Singapore’s industrial production fell for a fifth straight month in February, the longest slump in eight years, as shrinking global demand for electronics and pharmaceuticals forced manufacturers to cut output.
Manufacturing, which accounts for about a quarter of Singapore’s economy, dropped 22.4 percent from a year earlier, following a revised 29.8 percent decline in January, the Economic Development Board said today. The median estimate of 10 economists surveyed by Bloomberg News was for a 23 percent fall.
Singapore is in the sharpest and deepest recession in its history, and Minister Mentor Lee Kuan Yew predicts the economy may contract as much as 10 percent this year if exports continue to plunge. Overseas shipments have dropped for 10 consecutive months, leading to the island’s biggest drop in cargo-box traffic in at least 11 years in February.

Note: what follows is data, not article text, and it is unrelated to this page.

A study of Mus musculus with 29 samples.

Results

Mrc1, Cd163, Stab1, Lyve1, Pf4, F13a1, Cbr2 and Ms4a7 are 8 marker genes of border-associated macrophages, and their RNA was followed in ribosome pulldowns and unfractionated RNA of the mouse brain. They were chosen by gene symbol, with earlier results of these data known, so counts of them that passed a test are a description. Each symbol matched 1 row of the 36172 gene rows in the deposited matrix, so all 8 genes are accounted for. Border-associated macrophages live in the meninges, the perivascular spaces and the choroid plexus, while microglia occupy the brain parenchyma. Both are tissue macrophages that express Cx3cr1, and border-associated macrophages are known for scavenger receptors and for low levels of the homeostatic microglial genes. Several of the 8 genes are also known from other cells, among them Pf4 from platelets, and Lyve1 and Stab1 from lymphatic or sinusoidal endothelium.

“Manufacturing weakness across both the electronics and non-electronics sectors” is widespread, said Selena Ling, head of treasury research at Oversea-Chinese Banking Corp. in Singapore. “The global economy remains in a slump.”
The global economy may shrink this year for the first time since World War II, with trade dropping by the most since the Great Depression, the World Bank said this month. Economists surveyed by Singapore’s central bank expect the island’s manufacturing output to contract 10.3 percent this year.
Singapore’s industrial production fell a seasonally adjusted 2.5 percent in February from the previous month, today’s report showed.
Electronics production plunged 37.3 percent from a year earlier last month, following a revised 43.4 percent decline in January. Electronics make up about 26 percent of total manufacturing output.
Pharmaceutical production, which accounts for about 20 percent of Singapore’s manufacturing, fell 29.4 percent.